Six men forced into slavery as boys to harvest cocoa pods have a second chance to go after some of the world’s biggest chocolate companies in U.S. court, saying the companies should have known their suppliers used forced labor.
They’re asking a federal judge in Los Angeles to allow their 12-year-old case to go ahead, even though their alleged captivity was in Ivory Coast. They say Nestle SA and Cargill Inc. employees in the U.S. knew of the forced labor but didn’t take steps to stop it, so they should be able to sue in an American court.
Allowing the former slaves to sue in the U.S. over human rights abuses overseas would reverse years of precedents won by Chevron Corp., Coco-Cola Co. and other multinationals. If Nestle and Cargill can’t get the case thrown out, other companies might face a new wave of expensive, drawn-out lawsuits over suppliers’ alleged misdeeds.
“You can see that would open the door to a flood of new cases,” said John Bellinger III, who as a lawyer for the U.S. Chamber of Commerce unsuccessfully asked the U.S. Supreme Court to block the six from revising their lawsuit.
Nestle and Cargill contend a series of Supreme Court rulings bar foreigners from bringing human rights cases under a law that had lain dormant for almost 200 years, until activists re-purposed it to sue over abuses in places such as Colombia, Nigeria and Myanmar. Terry Collingsworth, the cocoa workers’ lawyer, contends the justices left just enough room to get a foot in the door if the alleged aiding and abetting occurred in the U.S.
“The decision to continue to take advantage of cheap labor occurred here,” Collingsworth said. “They controlled the market from here.”
Switzerland-based Nestle’s U.S. unit argues the claims don’t add up because there were no allegations it owned farms, contracted with the farmers or conducted operations in Ivory Coast. Nestle said its policies to reduce child labor aren’t, as the plaintiffs contend, evidence of its complicity.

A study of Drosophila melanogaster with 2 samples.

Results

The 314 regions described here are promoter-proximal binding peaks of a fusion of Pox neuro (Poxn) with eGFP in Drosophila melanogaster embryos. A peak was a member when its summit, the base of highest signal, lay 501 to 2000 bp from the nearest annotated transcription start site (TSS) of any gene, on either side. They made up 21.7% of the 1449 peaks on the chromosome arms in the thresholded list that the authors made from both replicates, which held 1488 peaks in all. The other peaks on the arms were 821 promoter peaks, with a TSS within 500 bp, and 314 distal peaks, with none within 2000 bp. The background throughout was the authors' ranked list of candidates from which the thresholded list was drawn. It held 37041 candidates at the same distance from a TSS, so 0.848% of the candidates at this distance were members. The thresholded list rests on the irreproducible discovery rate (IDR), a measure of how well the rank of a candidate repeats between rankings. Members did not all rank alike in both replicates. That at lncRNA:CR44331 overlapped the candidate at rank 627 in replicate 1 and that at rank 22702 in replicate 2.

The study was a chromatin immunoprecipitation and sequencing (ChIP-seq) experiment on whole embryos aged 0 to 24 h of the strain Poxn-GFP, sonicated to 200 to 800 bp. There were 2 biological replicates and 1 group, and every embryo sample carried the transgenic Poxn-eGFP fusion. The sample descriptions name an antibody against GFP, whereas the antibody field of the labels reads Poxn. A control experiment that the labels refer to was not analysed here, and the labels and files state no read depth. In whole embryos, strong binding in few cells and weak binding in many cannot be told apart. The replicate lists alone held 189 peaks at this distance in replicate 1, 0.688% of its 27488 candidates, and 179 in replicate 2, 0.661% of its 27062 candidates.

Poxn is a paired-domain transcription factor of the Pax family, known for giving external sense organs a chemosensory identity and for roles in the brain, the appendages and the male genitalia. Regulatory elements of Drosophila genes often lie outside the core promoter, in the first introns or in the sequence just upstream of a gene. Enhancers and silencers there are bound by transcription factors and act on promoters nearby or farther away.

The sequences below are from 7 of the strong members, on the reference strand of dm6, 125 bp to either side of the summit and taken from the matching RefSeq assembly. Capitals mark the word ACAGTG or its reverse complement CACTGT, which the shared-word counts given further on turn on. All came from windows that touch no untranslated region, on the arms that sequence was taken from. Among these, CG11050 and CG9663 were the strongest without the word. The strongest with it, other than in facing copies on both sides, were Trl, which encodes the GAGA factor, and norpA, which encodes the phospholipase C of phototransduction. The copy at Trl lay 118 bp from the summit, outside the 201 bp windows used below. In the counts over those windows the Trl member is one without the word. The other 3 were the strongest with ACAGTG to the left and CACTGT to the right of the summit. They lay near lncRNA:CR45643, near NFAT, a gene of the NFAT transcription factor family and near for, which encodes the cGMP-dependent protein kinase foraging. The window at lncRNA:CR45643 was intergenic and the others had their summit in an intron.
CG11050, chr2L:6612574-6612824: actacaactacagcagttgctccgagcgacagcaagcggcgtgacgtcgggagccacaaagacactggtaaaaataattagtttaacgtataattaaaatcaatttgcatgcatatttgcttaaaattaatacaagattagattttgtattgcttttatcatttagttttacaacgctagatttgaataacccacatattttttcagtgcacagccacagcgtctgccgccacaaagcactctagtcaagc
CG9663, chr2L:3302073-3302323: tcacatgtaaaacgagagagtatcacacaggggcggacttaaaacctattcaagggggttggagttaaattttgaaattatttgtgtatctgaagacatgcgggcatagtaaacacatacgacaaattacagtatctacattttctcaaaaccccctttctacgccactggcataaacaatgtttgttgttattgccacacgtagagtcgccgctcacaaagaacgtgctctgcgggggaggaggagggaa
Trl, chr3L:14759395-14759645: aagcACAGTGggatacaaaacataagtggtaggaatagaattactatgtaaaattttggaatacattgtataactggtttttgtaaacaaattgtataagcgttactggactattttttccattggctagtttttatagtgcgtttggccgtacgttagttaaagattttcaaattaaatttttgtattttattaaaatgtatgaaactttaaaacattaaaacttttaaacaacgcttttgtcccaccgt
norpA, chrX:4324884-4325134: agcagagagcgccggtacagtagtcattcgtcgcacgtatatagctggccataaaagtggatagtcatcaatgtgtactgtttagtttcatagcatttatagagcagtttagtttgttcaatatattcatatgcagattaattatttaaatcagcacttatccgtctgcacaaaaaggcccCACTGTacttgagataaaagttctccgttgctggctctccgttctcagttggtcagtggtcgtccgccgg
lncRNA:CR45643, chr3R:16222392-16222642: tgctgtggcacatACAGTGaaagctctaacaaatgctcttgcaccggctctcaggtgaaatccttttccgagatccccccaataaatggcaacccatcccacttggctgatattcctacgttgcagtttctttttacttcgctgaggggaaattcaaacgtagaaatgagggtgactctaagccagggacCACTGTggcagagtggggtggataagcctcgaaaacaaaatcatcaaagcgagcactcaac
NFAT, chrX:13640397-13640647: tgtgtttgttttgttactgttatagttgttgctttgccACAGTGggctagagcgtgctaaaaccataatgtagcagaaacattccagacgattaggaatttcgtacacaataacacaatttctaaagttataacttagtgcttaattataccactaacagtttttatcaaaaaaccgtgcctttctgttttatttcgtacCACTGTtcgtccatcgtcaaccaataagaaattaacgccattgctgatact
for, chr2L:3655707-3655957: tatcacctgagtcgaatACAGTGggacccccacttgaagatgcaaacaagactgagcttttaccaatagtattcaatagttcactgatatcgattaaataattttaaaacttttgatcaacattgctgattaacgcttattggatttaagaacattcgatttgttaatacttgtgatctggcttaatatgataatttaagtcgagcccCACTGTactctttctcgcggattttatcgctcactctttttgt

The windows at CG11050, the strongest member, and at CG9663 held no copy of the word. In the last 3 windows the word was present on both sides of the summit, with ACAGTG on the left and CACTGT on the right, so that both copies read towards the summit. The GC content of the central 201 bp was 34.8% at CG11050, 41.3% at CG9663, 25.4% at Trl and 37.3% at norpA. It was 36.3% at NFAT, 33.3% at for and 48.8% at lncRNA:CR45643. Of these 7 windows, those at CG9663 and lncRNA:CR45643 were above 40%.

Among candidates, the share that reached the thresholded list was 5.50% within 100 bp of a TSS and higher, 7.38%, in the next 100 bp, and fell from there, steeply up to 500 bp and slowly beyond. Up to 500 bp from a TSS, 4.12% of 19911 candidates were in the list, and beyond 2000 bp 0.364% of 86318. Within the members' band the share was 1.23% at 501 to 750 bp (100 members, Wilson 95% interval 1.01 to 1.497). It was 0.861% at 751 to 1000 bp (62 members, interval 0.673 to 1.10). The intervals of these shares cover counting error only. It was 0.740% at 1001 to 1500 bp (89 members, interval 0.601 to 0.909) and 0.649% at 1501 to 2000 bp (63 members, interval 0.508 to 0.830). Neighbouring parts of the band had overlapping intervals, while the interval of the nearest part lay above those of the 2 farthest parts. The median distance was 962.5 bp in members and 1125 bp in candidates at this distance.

“Plaintiffs cannot convert Nestle’s efforts to help bring about positive social change into wrongful conduct through their own say-so,” the company said. Cargill made similar arguments that the claims against it are barred.
More than 1 million children, some as young as 5, pick cocoa pods and then crack them open in the Ivory Coast under sometimes hazardous conditions. Thousands of children, some recruited by “locators” and sold into slavery, have labored under especially harsh conditions, according to the lawsuit.
The six plaintiffs were taken to Ivory Coast from Mali and sold to plantations in the 1990s, according to the lawsuit. They worked 14-hour days under armed guard without pay six days week. Sleeping on the floors of locked rooms and given only food scraps, those caught trying to escape were severely beaten or forced to drink urine, according to the complaint. Some had their feet cut open, with salt or pepper sprinkled on their wounds.
Lawyers for the six, now in their 20s or 30s, claim U.S. importers knew of the abuses yet provided farmers with funding, supplies and training. The companies should have used their market dominance to make sure the cocoa they bought was grown and harvested without child labor, they said.
In 2010, U.S. District Judge Stephen Wilson concluded Nestle and Cargill couldn’t be sued under the 1789 Alien Tort Statute. The U.S. Court of Appeals in San Francisco reversed that decision but required the plaintiffs to revise their allegations in light of a 2013 Supreme Court ruling that Nigerian refugees suing Royal Dutch Petroleum Co. had to show proof of a U.S. connection to the misconduct.
On Friday, Wilson said he will decide whether to dismiss the amended claims in the chocolate case without further courtroom arguments.
The Supreme Court’s requirement that the underlying wrongdoing must “touch and concern” the U.S. creates a new obstacle for cases under the Alien Tort Statute, a law that wasn’t designed for such lawsuits, said Julian Ku, a constitutional law professor at Hofstra University. The Nestle case may determine how hard it will be for foreign plaintiffs to meet that requirement, Ku said.
Before the Supreme court ruling, some companies opted to settle rather than spend years fighting in court. Since then, defendants including Chiquita Brands International Inc., BNP Paribas and KBR Inc. have so far gotten such cases thrown out.
Nestle, Cargill See Ex-Slave Case as Precluded by Other Rulings
To survive cocoa importers’ bid to toss their case again, the Malians have to give a plausible account of how the aiding and abetting of slavery occurred in the U.S. The judge won’t rule on the merits of the claims, only whether the lawsuit falls within the court’s jurisdiction.
The case is Doe v. Nestle SA, 05-05133, U.S. District Court, Central District of California (Los Angeles).